Making the Molehill a Mountain

Do have ever experience a moment, and give it a whole lot more meaning than it calls for? For me, the phrase “making mountains out of molehills” comes to mind. When someone says or does something, or does not say or do something, I may experience the moment as just a simple little molehill. Another time, my brain’s thinking makes that molehill moment into a big ‘ol mountain.   

Weeks ago, I started to tell my Mom about a project that excited me. She interrupted to ask if I had gotten her mail, and then we did not return to my story. I felt frustrated. Why did I feel frustrated? I thought she should not have interrupted me or could have at least asked me to finish my story, and since that did not happen, I started thinking she did not value me. Did you catch all the “should” and “could”ing in my thoughts? In the next breath, I started telling myself I “should not” think and feel that way. I also chose not to finish telling my story. Yes, my thinking made that moment mean that my mother did not care. Thinking she did not care, I chose not to share, which could only lead to further disconnection. I really wanted support in that moment. Because I did not receive support in the way I wished, did it really mean Mom does not care? No. The interruption equaled a molehilll. I made that mountain in my mind with my own thoughts.  

Do you ever notice your own thoughts? It helps to pause, breathe, consider your needs, and ask a few questions: How could I be clearer with myself and the other person? Could more compassion for myself or someone else change the situation? What if I showed more curiosity?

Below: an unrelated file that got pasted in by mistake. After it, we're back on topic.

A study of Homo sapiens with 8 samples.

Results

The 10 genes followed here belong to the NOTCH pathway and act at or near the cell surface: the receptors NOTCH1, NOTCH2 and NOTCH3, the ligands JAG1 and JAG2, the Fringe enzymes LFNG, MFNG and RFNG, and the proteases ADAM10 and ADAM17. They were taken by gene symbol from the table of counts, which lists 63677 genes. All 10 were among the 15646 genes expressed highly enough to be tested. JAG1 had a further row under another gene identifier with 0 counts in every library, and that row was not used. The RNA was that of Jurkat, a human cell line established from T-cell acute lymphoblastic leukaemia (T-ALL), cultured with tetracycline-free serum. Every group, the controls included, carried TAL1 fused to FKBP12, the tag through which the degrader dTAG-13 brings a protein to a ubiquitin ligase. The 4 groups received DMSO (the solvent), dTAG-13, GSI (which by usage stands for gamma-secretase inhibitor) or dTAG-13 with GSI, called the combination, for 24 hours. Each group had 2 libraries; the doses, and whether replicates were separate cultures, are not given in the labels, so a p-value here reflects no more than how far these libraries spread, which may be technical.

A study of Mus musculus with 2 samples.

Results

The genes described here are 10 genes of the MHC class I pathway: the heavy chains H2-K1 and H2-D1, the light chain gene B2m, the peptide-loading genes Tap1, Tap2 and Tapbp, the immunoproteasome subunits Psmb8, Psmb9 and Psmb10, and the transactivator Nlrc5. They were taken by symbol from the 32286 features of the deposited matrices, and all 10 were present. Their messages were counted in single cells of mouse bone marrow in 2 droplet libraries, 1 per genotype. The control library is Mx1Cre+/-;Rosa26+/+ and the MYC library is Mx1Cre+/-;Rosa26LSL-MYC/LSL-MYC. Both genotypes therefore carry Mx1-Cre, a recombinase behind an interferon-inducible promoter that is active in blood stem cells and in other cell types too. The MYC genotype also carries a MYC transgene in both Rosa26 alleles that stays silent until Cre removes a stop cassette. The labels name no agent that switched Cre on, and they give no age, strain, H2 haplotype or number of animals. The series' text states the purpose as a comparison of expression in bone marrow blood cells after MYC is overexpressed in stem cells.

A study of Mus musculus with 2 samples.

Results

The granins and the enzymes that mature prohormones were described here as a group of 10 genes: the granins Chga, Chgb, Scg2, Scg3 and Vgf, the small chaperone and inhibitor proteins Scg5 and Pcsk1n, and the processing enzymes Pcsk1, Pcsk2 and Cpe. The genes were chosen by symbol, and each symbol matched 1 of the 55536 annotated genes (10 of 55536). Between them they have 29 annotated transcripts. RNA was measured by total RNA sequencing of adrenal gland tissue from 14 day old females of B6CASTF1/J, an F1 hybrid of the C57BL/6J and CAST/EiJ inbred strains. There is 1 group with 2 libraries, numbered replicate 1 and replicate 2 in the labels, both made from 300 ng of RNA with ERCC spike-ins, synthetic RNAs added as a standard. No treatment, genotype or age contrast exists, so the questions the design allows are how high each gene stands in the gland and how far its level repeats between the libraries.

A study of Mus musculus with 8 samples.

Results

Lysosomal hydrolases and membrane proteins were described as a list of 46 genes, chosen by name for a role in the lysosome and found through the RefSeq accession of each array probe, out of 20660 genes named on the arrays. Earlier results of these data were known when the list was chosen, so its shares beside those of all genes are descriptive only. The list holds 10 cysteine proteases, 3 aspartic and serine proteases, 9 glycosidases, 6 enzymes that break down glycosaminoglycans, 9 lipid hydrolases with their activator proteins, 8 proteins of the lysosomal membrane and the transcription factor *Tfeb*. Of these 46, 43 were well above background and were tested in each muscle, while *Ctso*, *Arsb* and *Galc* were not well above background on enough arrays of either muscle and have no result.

Are you building any mountains where a molehill belongs? What meaning do your thoughts create? How does that meaning impact your relationships? 

Sherry Ann Bruckner

Sherry Ann Bruckner

Most widely known as Lonzo's human, mediator, speaker, and author Sherry Ann Bruckner works with leaders and organizations to create peace, resolve conflict, and transform visions into results.

From her twenty-plus years' experience practicing civil and family law, and her own personal experiences with silence and violence, Sherry Ann understands how much inner peace impacts outer peace. A graduate of Hamline University's College of Liberal Arts and William Mitchell College of Law, she also studied conflict resolution at Rothberg International School in Jerusalem. Sherry serves as a neutral on matters ranging from bias and employment discrimination to marriage dissolution and caring for aging parents. A speaker and trainer on the global stage, Sherry gives you and your audience practical skills and the confidence to use embrace your personal power to create peace. Through helping thousands of people navigate their way through conflict, and finding her own way to inner peace, she shares the transformational power of clarity, compassion, curiosity, and cribbage.

Visit to learn more or give her a call at (320) 808-3212.
Sherry Ann Bruckner

Be gentle with you. Be gentle with all. Be the peace.